Students and staff work together to fill a need.

LEWISTON, Maine — As part of their studies, the students at The Green Ladle not only practice in the kitchen, they also serve the public in a restaurant setting-  and handle a catering business. They had two large functions booked on March 14th, serving over 700 people.

"We prepared the food, we bought the groceries, and because of the virus, everything got cancelled. So we had a freezer full of food. I called my director, Mr. Callahan, and I said “Rob. We have all this food in the freezer. And I know the community – they’re scared. They just need to be fed. And Rob gave the blessing immediately," says Chef Dan Caron, a culinary instructor at The Green Ladle. 

And with that, the students and staff returned to the kitchen, rolled up their sleeves, and started pouring their hearts – and their considerable talent – in to feeding those in their community who most needed a meal.

Rob Callahan is the Director of the Lewiston Regional Technical Center, and as the burners were firing up in the kitchen – he put out a call for volunteers who could help deliver the meals.  Chef Dan says, "Within two hours, he got back to me – and says, “Chef. I’ve got five vans, 10 to 12 volunteers that want to deliver food” – we started just a very few days after that.

They put the word out on social media, offering free meals to the elderly, disabled vets, and first responders.  And after starting on the first day with 120 meals – it quickly grew to preparing and delivering around 450 meals each day. Right now, it costs about $1300 each day to purchase and prepare the food for this number of meals.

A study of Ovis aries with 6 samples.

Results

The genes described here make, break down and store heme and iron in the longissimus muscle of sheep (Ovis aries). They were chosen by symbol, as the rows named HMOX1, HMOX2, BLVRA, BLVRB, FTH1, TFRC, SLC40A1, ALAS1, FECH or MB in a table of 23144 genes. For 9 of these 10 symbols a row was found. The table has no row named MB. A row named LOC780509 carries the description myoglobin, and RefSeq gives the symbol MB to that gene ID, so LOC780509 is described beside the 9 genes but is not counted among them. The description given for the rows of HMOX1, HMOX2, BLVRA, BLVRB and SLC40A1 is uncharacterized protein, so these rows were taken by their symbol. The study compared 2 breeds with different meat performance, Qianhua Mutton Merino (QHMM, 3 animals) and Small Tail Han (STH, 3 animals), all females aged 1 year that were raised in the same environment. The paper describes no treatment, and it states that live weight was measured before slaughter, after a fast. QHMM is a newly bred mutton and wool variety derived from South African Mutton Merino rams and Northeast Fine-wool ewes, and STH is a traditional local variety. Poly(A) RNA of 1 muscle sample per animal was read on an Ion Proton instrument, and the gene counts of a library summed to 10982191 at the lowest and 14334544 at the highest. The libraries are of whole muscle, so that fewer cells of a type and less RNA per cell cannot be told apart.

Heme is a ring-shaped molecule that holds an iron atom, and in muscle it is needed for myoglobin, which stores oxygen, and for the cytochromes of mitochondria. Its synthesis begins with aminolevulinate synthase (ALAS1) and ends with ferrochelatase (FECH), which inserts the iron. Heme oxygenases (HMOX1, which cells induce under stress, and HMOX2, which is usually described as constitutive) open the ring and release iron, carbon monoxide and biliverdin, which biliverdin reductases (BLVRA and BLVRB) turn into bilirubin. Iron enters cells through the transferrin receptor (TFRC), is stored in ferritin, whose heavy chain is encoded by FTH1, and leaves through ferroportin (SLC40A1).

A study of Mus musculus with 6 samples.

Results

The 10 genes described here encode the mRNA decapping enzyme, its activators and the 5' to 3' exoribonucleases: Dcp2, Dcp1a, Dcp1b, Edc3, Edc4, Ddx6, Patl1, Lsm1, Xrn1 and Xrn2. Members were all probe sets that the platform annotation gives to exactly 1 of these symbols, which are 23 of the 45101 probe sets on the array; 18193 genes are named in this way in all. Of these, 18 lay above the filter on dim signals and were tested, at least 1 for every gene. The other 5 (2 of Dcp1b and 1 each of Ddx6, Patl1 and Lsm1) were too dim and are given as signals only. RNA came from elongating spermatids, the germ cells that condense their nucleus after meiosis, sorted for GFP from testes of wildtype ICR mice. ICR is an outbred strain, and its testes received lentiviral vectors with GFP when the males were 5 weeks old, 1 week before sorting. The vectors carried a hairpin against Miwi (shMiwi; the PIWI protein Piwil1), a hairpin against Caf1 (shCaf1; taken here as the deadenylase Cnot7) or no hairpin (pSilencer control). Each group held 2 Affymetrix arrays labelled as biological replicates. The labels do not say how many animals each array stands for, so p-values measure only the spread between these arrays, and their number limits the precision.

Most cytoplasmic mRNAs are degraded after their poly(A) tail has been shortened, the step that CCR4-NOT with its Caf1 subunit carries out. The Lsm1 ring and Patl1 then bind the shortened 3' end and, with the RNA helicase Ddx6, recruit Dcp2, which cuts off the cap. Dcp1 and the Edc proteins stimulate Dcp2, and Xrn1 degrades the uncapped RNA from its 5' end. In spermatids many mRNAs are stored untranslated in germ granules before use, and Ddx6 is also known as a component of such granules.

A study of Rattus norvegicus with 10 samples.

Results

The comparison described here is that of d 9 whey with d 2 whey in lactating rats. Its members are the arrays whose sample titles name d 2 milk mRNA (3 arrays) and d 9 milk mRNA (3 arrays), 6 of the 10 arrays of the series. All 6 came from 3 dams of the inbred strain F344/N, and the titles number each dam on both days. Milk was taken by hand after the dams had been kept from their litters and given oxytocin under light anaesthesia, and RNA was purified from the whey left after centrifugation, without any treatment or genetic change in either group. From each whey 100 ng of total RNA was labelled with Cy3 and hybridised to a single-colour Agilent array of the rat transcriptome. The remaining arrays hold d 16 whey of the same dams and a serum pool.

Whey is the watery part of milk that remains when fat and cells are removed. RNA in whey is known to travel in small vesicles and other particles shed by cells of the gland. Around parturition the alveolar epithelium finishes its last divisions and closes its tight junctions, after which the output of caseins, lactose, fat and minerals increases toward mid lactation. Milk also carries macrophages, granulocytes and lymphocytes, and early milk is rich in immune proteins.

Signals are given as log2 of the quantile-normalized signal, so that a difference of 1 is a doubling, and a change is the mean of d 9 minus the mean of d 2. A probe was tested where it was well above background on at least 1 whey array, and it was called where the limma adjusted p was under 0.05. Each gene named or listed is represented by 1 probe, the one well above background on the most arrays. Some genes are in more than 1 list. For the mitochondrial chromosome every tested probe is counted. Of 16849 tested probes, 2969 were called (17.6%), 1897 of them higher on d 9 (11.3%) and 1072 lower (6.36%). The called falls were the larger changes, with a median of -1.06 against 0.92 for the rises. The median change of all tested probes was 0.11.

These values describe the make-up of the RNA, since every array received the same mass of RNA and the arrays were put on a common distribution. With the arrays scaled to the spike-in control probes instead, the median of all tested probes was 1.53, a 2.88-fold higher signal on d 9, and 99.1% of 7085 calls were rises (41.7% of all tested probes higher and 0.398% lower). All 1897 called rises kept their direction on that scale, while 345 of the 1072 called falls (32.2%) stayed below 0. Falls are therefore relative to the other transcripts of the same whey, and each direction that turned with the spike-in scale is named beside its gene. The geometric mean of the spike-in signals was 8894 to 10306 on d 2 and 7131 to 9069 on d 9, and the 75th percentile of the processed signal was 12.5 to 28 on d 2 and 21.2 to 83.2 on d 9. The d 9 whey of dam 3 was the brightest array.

"It’s really gratifying to know that students have taken this with such seriousness and have been incredibly effective," says Director Callahan. 

Businesses are donating, chefs are lending time and ingredients. Donations come in all sizes and shapes. "Obviously we do get the $100 dollar donations – but every day we get this lady, and she puts it in an envelope I believe it’s like three dollars in quarters, and she write a little thank you note," adds Chef Dan. 

The delivery teams follow safety protocols and CDC guidelines, social distancing when they deliver and wearing masks and gloves – they have a safety coordinator as well, overseeing the whole process. The folks delivering the meals are all Lewiston area teachers. For some folks, seeing that van arrive with a meal is the highlight of their day.

"There’s almost no words to describe it. The gratitude and appreciation they show - - we have people that give us a little smile or a wave from the window – there’s a gentleman that sings to us from behind his window – there are folks that leave us notes – there are folks that leave us a check, there are folks that leave us a little chocolate or something. We have relationships with these people and it’s been tremendously uplifting," reports Callahan. 

The delivery folks spend a minute or two chatting and checking in – delivering a measure of comfort  along with a hot meal.

Chef Dan cannot measure how this feels personally and for the team. "I would say the biggest thing that impacts me is - - every day the drivers come back and they’re like, “Chef, we’ can’t stop this. We just cannot stop this. These people need us.” And that’s what drives me, and that’s what drives my students. And I know that’s what drives Mr Callahan and all the teachers. We’re fortunate to have a community that’s supporting us."

The goal is to keep the operation going through Mid-May. The need is tremendous, and Chef Dan feels they could double their output, if they can continue to fund raise. If you would like to learn more, click here, or contribute to their Go Fund Me page, click here.